Below you will find book info, book summary and Steve's post with a small excerpt. Enjoy!
|ISBN #: 978-1618973740|
Page Count: 208
Copyright: May 1, 2012
Publisher: Strategic Book Publishing
(Taken from Amazon)
Alabama, 1963 - A world is about to explode ... Angel Dunbar's life is about to be engulfed by the flames. She'll be humiliated, spat upon, beaten and left for dead. And she'll fall in love - with a dangerous twist. Want to know what really happened when Birmingham exploded? Then you've just got to live it ... Through Angel's Eyes.
Guest Post: Can Books Teach Kids to Overcome Peer Pressure?
As a middle school teacher I see children with sharp minds and oodles of potential daily being sidetracked by that great evil of society, peer pressure - and it breaks my heart. The urge to conform among kids is so strong that they seem all too willing to betray their true selves in order to gain, if not popularity, then at least acceptance by their peers. Yet, isn't it individuality rather than conformity that is the mark of a productive member of society?
That is why I believe that resistance to peer pressure is one of the greatest lessons that we can teach our children. But how? It has been my experience that good books with strong role models can have a powerful influence on children. It was that realization that spurred me on to write my first novel 'Through Angel's Eyes.' I wanted to put in front of my students a hero drawn from real life who faced up to and overcame seemingly unendurable pressure from all sides, without denying the beauty of her inner self. At the same time I wanted to share with them the timeless wisdom of a man who had so much to teach us all about overcoming peer pressure - Dr. Martin Luther King, Jr. By walking in the shoes of Angel Dunbar, I figured, students would be able to make the hard choices in their own lives, especially with Dr. King's words ringing in their ears.
Here's one example of Angel overcoming peer pressure in Through Angel's Eyes ...
There, comin' up the street was that old black beast of a car that I'd come to hate. The car that I'd heard at Fred's meetin' that time. The car that I'd sat in on the way to that dreadful other meetin'. The car that stood for everythin' I was trying to get Ronny away from. "Damn!" I whispered. Ronny squeezed my hand. It was those same two guys as last time sittin' in front. As they got closer, the guy in the passenger seat leaned out an' yelled, "We caught the love birds!"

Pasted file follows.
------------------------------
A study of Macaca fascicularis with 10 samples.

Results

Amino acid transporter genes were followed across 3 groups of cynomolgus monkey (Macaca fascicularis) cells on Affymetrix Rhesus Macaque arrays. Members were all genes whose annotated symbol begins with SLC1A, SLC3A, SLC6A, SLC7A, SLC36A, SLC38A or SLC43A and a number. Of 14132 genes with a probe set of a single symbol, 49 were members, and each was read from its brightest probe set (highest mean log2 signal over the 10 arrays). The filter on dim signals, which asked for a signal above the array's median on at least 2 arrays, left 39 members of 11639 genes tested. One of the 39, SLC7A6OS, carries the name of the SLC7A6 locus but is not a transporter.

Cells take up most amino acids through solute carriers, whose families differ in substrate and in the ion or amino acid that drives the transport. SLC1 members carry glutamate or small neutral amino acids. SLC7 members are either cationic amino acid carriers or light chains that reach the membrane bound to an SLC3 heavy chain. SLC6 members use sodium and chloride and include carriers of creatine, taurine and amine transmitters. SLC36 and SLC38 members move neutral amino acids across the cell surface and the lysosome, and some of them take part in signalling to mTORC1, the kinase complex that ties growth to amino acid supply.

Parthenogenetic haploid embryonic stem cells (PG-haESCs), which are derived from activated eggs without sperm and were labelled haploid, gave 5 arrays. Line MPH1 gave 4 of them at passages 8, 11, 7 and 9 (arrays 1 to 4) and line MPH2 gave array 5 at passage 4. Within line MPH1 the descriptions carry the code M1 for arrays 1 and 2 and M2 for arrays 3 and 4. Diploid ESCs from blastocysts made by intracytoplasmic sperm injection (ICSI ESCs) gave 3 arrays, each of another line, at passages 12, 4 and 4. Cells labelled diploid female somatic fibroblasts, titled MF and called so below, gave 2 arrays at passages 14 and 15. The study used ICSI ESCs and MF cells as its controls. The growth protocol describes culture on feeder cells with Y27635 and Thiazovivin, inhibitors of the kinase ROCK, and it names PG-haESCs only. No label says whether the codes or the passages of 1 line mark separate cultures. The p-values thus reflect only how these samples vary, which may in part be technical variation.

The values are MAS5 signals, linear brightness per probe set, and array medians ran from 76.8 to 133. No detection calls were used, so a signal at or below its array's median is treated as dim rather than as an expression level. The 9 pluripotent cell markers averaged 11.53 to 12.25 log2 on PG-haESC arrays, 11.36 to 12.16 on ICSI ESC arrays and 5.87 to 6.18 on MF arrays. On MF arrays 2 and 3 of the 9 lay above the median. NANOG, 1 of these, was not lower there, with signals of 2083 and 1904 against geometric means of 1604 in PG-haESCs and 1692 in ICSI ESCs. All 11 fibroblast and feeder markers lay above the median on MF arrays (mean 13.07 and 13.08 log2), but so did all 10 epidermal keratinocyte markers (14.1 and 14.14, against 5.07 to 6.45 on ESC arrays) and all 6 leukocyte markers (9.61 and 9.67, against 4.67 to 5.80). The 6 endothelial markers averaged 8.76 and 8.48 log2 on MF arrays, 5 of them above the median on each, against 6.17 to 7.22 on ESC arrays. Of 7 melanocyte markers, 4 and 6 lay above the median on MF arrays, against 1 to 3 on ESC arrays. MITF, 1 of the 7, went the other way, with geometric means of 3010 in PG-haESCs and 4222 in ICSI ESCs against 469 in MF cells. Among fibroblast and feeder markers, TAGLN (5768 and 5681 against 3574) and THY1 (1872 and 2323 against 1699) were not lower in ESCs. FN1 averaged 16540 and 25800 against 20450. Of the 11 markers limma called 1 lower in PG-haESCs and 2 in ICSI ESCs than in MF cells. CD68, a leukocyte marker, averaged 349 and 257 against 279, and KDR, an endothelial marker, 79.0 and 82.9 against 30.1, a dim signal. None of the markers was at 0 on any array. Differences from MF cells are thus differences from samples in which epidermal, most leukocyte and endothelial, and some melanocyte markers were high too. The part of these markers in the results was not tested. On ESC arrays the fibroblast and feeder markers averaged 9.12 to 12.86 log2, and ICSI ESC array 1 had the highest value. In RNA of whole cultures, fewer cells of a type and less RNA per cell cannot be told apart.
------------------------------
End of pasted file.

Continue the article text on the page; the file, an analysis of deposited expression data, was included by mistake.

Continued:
The other guy let out a loud "Hurrah!" an' then they both repeated it together, "We've caught the lovebirds!"
"Ronny, they've been drinkin'!" I whispered.
"It's alright, Angel," he tried to comfort me. The car pulled up alongside us, an' they both spilled out, stumblin' onto the pavement.
"Hoping we'd come across you, Ronny boy," the one who'd been drivin' mumbled. His breath was all over us, that sick smell o' hard liquor.
"Ain't got time for no mushy stuff, now boy," he babbled. "We got biznes to do."
"What's up?" Ronny asked.
"Serious, Ronny," the other one spoke now. "Klan's been doin' some serious crap, man. Bombed King's house, bombed the Gaston. We gotta do somethin' 'bout those fascist pigs, boy!"
I looked at Ronny.
Now's the time Ronny, I thought. Now's the time to prove this to me. All the talk in the world don't mean nothin' if you don't stand up now.
"What ya gonna do?" Ronny asked.
No, Ronny, I thought. Don't even go there.
"Jus' gonna go cruising, Ronny," the driver slurred. "But, boy, who knows what we gonna find?"
He winked at me then, an' I gave him a look that made it clear I wasn't gonna play along.
"Now, you gonna drop off your woman first or she comin' too?" He smirked back at me.
"Ronny!" I whispered, grabbin' his arm.
"You guys are drunk," Ronny said, pulling away from me. "You'll drive us to our death 'fore we even see the Klan."
"Drunk!" the driver roared. "Boy, I ain't never been more sober. Now if you's too chicken to mix it with the big boys, don't come up with no wimpy excuses 'bout us bein' drunk!"
"I ain't chicken," Ronny shot back.
Oh, Ronny, I thought, you've played right into this fool's hand. I had to jump in.
"But he ain't stupid, either," I said.
The driver turned to me, an amazed look on his face.
"What the hell is this, Ronny?" he yelled. "Your tart standing up for ya. Where's your pride, boy?"
I waited for Ronny to let him have it then - to put that drunk fool in his place for callin' me a tart.
But he never did. Instead he shot an annoyed look at me.
"Shut up, Angel!" he said.
I felt foolish then. Ronny'd let me down - left me stranded. All the nice words - the dreamin' while we were alone, the promises - all that'd jus' disappeared. But it was worse than that. They were gonna do somethin' crazy tonight an' I knew now that Ronny was goin' with them. Without me, he'd be led into whatever stupid thing they did. I knew I had to save him.
The three of 'em were piling into the car.
"You can walk home from here," Ronny nodded at me. His words were harsh soundin', nothin' like the sweet, comfortin' way he'd been speakin' jus' a few minutes ago, before these two'd turned up.
"No," I glared at him. "I'm comin' with you."
The driver let out a hoot an' cried out, "Got you a feisty one there, boy!"
As I climbed into the back o' that horrible black car I jus' knew that somethin' terrible was gonna happen.